HONG KONG: Hong Kong’s free television and radio broadcasters must air weekly programmes that promote Chinese “national identity” as well as a national security law, according to licensing requirements announced by the government on Tuesday (Feb 14).

The stipulations come as Beijing works to remould the territory, cracking down on a protest movement that had championed a Hong Kong identity that was distinct from the rest of China.

Similar clauses have been woven into various city regulations since Beijing imposed the far-reaching national security law in 2020 to stamp out dissent after huge and often violent demonstrations.

Once the crucible of Cantonese cinema and a bastion of free speech, Hong Kong is being transformed after those protests, with censorship powers strengthened and independent local media outlets folding.

John Lee, the city’s former security chief who is now its leader, accepted on Tuesday new licence terms recommended by the Hong Kong Communications Authority that apply to three free-to-air television channels and two radio stations.

One of the provisions requires the licensed stations to “broadcast no less than 30 minutes of programmes on national education, national identity and (the) National Security Law per week”, in addition to the hour of current affairs they are already required to air.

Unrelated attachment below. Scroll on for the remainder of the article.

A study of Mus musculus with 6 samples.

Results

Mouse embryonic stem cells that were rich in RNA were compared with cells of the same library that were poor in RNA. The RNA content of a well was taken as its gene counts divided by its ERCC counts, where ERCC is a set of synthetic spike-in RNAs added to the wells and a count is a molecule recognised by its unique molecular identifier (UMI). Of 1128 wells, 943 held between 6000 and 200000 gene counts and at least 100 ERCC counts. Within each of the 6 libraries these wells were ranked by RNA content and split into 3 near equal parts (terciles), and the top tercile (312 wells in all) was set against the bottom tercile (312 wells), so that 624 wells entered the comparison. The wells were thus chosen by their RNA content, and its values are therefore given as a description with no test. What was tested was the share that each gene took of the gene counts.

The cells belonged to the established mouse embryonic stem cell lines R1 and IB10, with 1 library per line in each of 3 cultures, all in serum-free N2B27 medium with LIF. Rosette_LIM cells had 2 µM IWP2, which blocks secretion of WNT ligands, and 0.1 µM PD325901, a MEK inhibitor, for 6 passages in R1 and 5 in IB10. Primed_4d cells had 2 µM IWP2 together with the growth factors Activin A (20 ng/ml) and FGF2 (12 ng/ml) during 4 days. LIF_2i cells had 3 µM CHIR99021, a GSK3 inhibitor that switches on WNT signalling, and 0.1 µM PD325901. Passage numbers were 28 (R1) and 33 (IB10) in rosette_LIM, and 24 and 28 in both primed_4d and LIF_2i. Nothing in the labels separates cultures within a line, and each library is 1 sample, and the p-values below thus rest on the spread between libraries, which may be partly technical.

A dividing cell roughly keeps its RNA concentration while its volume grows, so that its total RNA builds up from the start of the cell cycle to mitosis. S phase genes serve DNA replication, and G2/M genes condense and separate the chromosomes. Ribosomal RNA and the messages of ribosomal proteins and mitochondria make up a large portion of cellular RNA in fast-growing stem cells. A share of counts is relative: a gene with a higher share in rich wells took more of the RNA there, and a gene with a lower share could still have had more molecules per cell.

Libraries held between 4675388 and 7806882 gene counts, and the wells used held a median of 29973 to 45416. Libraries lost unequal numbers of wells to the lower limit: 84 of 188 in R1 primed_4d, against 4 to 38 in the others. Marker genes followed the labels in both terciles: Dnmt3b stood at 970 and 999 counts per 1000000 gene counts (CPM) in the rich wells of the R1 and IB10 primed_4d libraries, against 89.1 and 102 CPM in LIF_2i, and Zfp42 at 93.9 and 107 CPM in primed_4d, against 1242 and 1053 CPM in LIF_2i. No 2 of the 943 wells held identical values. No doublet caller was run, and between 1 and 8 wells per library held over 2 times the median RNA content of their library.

For the television stations, the programming no longer needs to be “wholly of Hong Kong origin”, which means the national security segments could be produced outside of the city.

Other changes include doubling the weekly hours of programming for young people, while halving those aimed at children to 14 hours per week.

The licence terms will be effective for the next six years.

As part of a raft of recent changes, China has also revamped the semi-autonomous city’s education system with a curriculum that now includes teaching the national security law from kindergarten.

At a press briefing on Tuesday, Lee said that he supported the preparation of additional national security legislation by next year.

Critics say that Beijing’s security law has leached Hong Kong of its civil liberties and boisterous political culture, while authorities say it is necessary to restore order and stability.

More than 230 people have been arrested and more than 140 prosecuted on national security grounds under the law, with many of the city’s most prominent dissidents now facing up to life in prison over such charges.

In recent years, polling has shown that most people in the city identify primarily as “Hongkongers” rather than “Chinese”.